The pace of mergers and acquisitions (M&As) in Malaysia, which has been affected by the COVID-19 pandemic, is expected to gain momentum going into the second half of the year.

PETALING JAYA, 1 March 2021 - According to experts from professional services firms, the positive momentum is expected to be supported by low interest rates, accommodating capital markets and ample private capital environment.

Although the number of M&A deals in the country may not be as high as in 2019, it is expected to pick up steam this year.

Experts also opined that the M&A landscape could return to the pre-Covid 19 pandemic levels in 2022.

Mergermarket, a specialist in M&A intelligence, has reported that Malaysia’s M&A deal volume in 2020 (59 deals) ranked third after Singapore (217 deals) and Thailand (65 deals).

It pointed out that Malaysia’s M&A volume was driven by the manufacturing, industrial and consumer sectors, among others.

Meanwhile, Singapore’s M&A volume is driven by technology, financial services, and business services sectors, while M&A in Thailand was supported by the consumer, energy, mining, and utilities sectors.

Deloitte Malaysia’s M&A leader Yap Kong Meng told StarBiz that the M&A volume should pick up in the first half of the year and perhaps with a stronger momentum in the second half as the effects of the vaccine permeates the population.

“Deals are already brewing in the later part of the second half of 2020 as corporations develop clear views on how to navigate the pandemic and not maintain a wait and see stance.

“At the same time, deals disrupted by the onset of the pandemic in March last year and subsequent lockdowns are starting to progress again in 2021.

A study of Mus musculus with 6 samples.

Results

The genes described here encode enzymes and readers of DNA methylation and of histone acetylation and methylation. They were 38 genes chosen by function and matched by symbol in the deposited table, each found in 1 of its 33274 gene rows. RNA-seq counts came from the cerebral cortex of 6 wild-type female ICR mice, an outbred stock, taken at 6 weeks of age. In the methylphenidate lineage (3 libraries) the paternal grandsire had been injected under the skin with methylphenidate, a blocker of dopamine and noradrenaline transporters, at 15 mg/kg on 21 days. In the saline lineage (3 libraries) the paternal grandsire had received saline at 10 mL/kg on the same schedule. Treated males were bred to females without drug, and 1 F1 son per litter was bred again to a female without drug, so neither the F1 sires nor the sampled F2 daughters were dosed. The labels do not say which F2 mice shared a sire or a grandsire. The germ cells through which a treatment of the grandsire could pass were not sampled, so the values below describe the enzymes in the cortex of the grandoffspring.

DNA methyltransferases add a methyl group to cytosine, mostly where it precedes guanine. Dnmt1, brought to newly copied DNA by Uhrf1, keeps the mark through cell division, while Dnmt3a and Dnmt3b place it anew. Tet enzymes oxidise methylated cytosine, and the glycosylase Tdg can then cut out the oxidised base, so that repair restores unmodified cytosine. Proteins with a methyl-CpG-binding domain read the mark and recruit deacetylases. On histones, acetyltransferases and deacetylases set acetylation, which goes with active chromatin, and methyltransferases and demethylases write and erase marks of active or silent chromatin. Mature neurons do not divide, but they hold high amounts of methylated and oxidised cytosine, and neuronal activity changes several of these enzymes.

“We do see that the common drivers of past M&As are driving the volume for 2021. For example, we still see corporations, local and foreign corporations operating in Malaysia, making expansionary acquisitions and divesting non-core operations to enter adjacent businesses, ” explained Yap.

He noted that foreign corporations continued to show interest in investing in Malaysia even at the height of the pandemic.

However, the continued restrictions in travel and communications would likely slow down the progress of deals, Yap said.

Another key M&A driver that was expected to play out more this year would be corporations, operating in affected sectors, that would sbe looking to divest in order to continue shoring up their own balance sheet and repositioning into new adjacent businesses.

Adjacent businesses will include those related or complementary to the core business of the “acquiror.”

Yap said this is particularly so given that the loan moratorium has ended and full recovery from the pandemic will be gradual.

The views and opinions expressed in this article are those of Yap Kong Meng, M&A Leader, Deloitte Malaysia.